As I sat up high but right in at the midpoint of the court at the 2023 Miami Open watching several WTA matches, I could see the game from a telling angle. A thought occurred to me: Are women playing too many baseline points?

WTA players are incredible athletes and models of physical fitness. But man, do they grind from the baseline– in my mind, more than men on the ATP Tour. How do I know? Well I don’t know for sure, but there are some small data points which back it up. More on that below.

I make no apologies for wanting to see women’s tennis survive as a business and succeed as a major draw. I believe it’s worthy of fans’ attention. As such, I don’t want to see the top stars injured. Facts: Female athletes can be more vulnerable to certain injuries. For example, many studies have confirmed the sky high prevalence of ACL tears in women’s soccer. In tennis, one study found that women are more apt to suffer Achilles and back injuries than men.

So why grind?


Bianca Andreescu’s scary injury at the Miami Open seems like a freak occurrence and certainly might not relate to how the sport is played. Rain stoppages never help. But it’s not good that the world number one Iga Swiatek is starting to show signs of injury and Emma Raducanu, one of the most promising WTA players in years in terms of marketability, has been beset with a cascade of physical problems.

Data to paint the full picture of the baseline grind is elusive. The WTA does not record statistics with the same depth that the ATP Tour does at this time. Infosys does an amazing, and ever-evolving job with data in tennis, but they mainly cover the men’s game, except at the Slams.

For analytics geeks, the Grand Slams are treasure troves of because these tournaments are the only place where the stats recorded are exactly the same.

Average Rally Length: Men vs. Women

I checked with ATP Analyst and Strategist Craig O’Shannessy. His work involving rally length has been eye-opening for the sport. According to O’Shannessy, women average about a half a shot more in rally length than men. Believe it or not, that adds up over the course of a long season.

The biggest reason likely relates to the serve. Men tend to get more free and short points off their serve, which brings that average rally length down. But several top ATP players are starting to employ the volley more.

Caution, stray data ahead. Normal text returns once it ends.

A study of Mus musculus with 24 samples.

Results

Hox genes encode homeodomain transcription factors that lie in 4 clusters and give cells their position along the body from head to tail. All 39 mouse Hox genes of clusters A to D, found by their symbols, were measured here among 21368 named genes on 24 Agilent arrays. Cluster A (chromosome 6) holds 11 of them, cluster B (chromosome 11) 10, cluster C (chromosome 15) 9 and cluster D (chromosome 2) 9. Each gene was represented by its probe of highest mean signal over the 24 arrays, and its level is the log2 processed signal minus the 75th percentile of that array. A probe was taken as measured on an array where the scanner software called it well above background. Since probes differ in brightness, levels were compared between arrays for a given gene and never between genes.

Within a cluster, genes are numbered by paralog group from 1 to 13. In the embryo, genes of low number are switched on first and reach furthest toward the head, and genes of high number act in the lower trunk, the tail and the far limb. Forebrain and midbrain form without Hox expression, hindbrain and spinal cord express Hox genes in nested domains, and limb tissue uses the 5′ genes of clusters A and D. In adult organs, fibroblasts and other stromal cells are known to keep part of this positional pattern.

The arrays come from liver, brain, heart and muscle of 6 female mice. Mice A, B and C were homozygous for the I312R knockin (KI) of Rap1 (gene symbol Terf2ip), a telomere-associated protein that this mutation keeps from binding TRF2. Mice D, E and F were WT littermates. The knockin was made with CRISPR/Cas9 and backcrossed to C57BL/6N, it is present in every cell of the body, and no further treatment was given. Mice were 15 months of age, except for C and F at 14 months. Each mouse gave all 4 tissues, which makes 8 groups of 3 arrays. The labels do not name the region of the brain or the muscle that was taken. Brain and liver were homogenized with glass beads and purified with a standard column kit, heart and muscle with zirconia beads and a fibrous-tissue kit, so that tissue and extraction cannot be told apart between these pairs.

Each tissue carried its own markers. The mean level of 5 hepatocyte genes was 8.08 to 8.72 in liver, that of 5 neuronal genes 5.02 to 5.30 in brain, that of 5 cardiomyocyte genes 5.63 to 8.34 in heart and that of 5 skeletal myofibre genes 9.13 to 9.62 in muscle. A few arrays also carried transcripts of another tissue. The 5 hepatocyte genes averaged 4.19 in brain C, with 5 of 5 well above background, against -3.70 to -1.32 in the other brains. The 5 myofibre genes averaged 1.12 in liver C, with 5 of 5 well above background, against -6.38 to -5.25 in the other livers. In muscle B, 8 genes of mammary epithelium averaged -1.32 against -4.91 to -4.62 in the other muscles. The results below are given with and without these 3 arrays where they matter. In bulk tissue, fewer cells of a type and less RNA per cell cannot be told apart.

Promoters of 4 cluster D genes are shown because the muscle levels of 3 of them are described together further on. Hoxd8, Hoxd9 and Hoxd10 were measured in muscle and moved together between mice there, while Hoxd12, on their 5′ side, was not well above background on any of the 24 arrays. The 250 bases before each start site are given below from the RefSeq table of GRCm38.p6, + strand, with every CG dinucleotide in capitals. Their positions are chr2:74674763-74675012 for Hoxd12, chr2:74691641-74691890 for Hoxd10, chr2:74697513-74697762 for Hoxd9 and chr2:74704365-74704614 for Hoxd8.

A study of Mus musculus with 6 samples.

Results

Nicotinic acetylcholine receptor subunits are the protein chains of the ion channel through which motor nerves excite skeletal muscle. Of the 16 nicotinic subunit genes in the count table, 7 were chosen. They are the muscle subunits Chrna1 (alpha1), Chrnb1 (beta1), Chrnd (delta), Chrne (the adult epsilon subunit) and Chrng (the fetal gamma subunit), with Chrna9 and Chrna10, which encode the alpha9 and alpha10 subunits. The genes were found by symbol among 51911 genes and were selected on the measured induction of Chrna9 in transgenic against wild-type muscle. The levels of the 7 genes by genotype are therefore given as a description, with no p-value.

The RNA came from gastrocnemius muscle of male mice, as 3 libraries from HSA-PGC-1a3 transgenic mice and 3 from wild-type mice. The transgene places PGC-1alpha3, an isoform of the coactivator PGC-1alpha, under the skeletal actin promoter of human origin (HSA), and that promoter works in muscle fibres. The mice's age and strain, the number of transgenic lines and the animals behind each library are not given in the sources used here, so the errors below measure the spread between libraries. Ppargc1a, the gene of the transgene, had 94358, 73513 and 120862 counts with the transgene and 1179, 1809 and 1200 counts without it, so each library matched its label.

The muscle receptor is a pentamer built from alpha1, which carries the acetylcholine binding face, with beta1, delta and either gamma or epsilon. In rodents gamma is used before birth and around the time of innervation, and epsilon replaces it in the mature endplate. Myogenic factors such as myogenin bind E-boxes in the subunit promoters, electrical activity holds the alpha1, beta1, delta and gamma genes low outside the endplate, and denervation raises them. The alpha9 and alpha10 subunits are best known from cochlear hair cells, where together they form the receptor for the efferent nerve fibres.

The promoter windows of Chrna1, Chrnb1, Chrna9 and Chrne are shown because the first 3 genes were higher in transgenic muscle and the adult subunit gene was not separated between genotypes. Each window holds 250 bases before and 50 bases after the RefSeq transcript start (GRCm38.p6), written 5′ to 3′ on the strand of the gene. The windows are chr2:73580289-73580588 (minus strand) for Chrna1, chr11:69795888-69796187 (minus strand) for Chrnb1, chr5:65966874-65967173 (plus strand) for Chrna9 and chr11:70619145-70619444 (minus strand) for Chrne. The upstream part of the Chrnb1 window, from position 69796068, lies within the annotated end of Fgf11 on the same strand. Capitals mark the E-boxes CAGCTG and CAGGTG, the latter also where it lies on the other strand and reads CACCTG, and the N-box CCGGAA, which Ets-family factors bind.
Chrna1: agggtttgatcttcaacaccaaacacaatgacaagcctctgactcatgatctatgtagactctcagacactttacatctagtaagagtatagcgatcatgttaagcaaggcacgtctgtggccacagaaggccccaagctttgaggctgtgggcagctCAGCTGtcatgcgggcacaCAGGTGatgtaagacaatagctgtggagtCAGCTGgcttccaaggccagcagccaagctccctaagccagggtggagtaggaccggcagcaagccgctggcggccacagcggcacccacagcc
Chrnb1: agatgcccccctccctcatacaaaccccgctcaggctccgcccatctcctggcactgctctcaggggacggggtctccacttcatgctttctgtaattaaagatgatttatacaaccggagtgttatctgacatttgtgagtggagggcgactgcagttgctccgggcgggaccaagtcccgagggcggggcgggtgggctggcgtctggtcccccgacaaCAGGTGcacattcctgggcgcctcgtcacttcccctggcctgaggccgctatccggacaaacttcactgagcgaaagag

The truth is, women could use a few more free or easy points.

Groundstrokes Hit: Men vs. Women

Infosys has been delivering a great new set of metrics recently called “stroke summary.” It breaks down the types of shots players hit, including groundstrokes, volleys, lobs, etc.

I decided to conduct an unscientific spot check. Where data was available, I looked at some of the top players in the “Race to the Finals” rankings on each tour, and I wanted to look exclusively at 2-set matches because those are the most common kinds of matches to both genders. (Novak Djokovic is currently #1 in the Race but I excluded him because he was unable to play Indian Wells or the Miami Open in 2023).

The players I examined were: Carlos Alcaraz, Stefanos Tsitsipas, Daniil Medvedev, Jannik Sinner, Iga Swiatek, Aryna Sabalenka, Elena Rybakina and Jessica Pegula.

In 2-set matches, in an average of averages, women were hitting 181 groundstrokes per match. Using that same parameter, men were hitting 169 groundstrokes per match. That’s no small difference.

Of all the players in this (albeit small sample-sized) study, Pegula had the highest average of groundstrokes per 2-set match at 213. Tsitsipas had the lowest at 129.

Read More: Alcaraz and Tsitsipas: Notes from Miami Open Practice Session

The upshot: Women might be grinding from the baseline more than they need to. Adding variety with volleys and other types of skill-specific shots might ease up repetition on the body. An added benefit? More variation is more interesting to watch.